Op-eds of the week: Liz Cheney, Trump as the Godfather, young voters
Last week’s primaries featured two Republican incumbents who have been vocal critics (at the very least) of former President Donald Trump’s role in the Jan. 6, 2021, riot at the Capitol. Rep. Liz Cheney of Wyoming lost big while Sen. Lisa Murkowski of Alaska advanced to the general election.
According to Jeannette Lee, a senior researcher at the Sightline Institute, the results don’t necessarily mean Alaskans are anti-Trump or Wyoming is all in on the MAGA movement. Rather, the outcomes hinged on the two states’ respective primary systems.
Cheney ran in a standard, closed primary, while Murkowski competed in an open primary with the top four candidates advancing to the general election in November.
These two sets of primary rules are so divergent in outcomes that if Alaska and Wyoming swapped election methods, Cheney would almost certainly survive her primary and Murkowski would have been knocked out of hers. Alaska pollster Ivan Moore told The Associated Press that in a closed primary Murkowski “would have had a zero percent — I mean zero percent — chance of winning.”
Federal agents’ search of Mar-a-Lago prompted some pop culture references from regular contributor Lawrence Goldstone, who found the search itself reminiscent of the CBS crime fighting drama “FBI” and former President Donald Trump’s behavior similar to that of John Gotti or even “The Godfather.”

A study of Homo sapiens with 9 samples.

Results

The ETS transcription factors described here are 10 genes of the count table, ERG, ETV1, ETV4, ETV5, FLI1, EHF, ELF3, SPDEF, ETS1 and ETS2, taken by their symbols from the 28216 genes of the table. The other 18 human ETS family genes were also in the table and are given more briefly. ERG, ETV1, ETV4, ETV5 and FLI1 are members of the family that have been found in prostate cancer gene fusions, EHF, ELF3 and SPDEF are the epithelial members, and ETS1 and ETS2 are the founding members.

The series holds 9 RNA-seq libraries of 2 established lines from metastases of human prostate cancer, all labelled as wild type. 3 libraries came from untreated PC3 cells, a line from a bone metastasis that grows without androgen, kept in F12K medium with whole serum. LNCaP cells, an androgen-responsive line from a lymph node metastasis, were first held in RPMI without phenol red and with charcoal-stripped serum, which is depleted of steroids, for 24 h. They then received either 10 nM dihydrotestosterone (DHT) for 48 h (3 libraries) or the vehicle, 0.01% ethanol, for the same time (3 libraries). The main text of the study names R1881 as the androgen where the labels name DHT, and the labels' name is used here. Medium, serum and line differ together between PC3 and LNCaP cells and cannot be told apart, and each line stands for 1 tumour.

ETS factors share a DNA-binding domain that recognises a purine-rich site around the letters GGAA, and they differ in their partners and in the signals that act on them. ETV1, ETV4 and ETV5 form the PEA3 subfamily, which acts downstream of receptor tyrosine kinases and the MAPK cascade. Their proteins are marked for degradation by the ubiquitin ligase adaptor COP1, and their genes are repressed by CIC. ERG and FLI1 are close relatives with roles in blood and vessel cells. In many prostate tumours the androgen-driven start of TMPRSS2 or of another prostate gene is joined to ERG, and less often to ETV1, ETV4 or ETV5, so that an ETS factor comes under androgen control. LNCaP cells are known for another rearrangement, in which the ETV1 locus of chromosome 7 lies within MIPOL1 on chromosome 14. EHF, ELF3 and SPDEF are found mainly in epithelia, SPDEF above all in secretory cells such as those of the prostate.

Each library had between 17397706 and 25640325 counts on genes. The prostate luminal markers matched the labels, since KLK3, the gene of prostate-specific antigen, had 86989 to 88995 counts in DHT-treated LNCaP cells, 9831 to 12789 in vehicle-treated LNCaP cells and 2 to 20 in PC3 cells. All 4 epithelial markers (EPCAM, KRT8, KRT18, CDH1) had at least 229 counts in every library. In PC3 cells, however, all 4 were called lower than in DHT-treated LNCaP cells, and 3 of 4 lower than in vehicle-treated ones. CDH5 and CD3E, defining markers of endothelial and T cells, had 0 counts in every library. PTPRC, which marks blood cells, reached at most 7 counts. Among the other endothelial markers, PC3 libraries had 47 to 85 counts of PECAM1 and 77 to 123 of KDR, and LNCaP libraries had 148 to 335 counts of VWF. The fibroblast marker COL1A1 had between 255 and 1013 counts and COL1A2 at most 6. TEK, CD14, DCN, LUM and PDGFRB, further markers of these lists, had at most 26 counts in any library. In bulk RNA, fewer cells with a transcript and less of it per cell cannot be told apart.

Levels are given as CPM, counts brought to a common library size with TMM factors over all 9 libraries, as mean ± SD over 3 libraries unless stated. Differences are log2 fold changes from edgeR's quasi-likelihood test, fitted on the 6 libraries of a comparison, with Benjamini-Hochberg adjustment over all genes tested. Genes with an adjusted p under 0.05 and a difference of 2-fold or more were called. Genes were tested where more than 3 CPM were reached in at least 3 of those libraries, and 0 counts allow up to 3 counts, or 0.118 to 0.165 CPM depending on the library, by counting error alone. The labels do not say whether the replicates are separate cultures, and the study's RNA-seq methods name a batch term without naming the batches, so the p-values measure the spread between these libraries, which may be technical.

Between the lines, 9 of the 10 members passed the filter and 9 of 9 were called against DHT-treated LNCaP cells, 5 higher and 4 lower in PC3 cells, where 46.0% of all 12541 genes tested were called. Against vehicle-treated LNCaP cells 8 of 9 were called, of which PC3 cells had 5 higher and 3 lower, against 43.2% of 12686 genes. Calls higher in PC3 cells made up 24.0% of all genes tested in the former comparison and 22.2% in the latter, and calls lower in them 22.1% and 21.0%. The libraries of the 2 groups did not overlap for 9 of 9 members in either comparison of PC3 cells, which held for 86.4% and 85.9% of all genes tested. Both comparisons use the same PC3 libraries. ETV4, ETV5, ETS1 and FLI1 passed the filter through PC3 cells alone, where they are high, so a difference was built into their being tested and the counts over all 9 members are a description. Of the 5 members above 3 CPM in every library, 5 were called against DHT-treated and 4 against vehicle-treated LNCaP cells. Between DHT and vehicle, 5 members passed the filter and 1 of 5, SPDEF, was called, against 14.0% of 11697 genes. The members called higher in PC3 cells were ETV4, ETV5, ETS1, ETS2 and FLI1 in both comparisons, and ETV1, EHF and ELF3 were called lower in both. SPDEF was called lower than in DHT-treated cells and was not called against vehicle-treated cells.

Clearly, Trump isn’t going to change at this point, writes Goldstone – even when under investigation by the FBI. And his fans don’t want him to change.
With this latest indication that laws are not things Trump pays a good deal of attention to, except perhaps to find ways to ignore them, many on the left have been wondering if now, after years of overlooking every show of contempt for the rules and for democracy, conservatives will finally recognize that their hero is precisely what a previous conservative icon, Richard Nixon, falsely denied being — a crook.
Sorry, liberals. Conservatives already know. The problem is not a lack of awareness, or even a lack of caring. The problem is that many Trump’s supporters like that he’s a crook.
Additional reading: Trump loves melodrama, but it’s bad for us, by The Fulcrum’s Debilyn Molineaux
Dariel Cruz Rodriguez, co-founder of Students for Open Primaries, recently turned 18 and registered to vote in Florida – but without affiliating with a political party. He counts himself among the 50 percent of millennial and Gen Z voters who are independent. But in Florida (and more than a dozen other states) independents are not permitted to vote in primaries, when most congressional elections are really decided.
Gen Zers and young voters have the most to lose in the upcoming midterm elections. We all saw the consequences of bad policy. Nationwide, we are now seeing the impacts that Congress’ failure to codify Roe v. Wade had on reproductive rights following the Supreme Court’s decision to overturn the landmark decision. Our politicians aren’t acting on the issues that matter to all voters, instead choosing to only act on what favors their own party. In Florida, legislators are focused on waging wars in the classroom and “setting aflame” the mouse at Disney World because it satisfies party-line voters in the primary. The current system doesn’t work, and while our generation has the most to lose, many are still locked out of the primaries.
The nonprofit organization Keseb and the SNF Agora Institute at Johns Hopkins University recently hosted a Global Democracy Champions Summit that included 400 people (from 48 countries) hoping to network to advance inclusive democracies around the world.
Keseb CEO Yordanos Eyoel explained the need for such a gathering:
Navigating this moment in history as citizens, community members and institutional leaders requires us to 1) deepen our understanding of the underlying drivers of democratic regression, 2) identify the solutions that hold promise to counter rising authoritarianism in the short and long term and 3) pave a path toward a more inclusive model of democracy.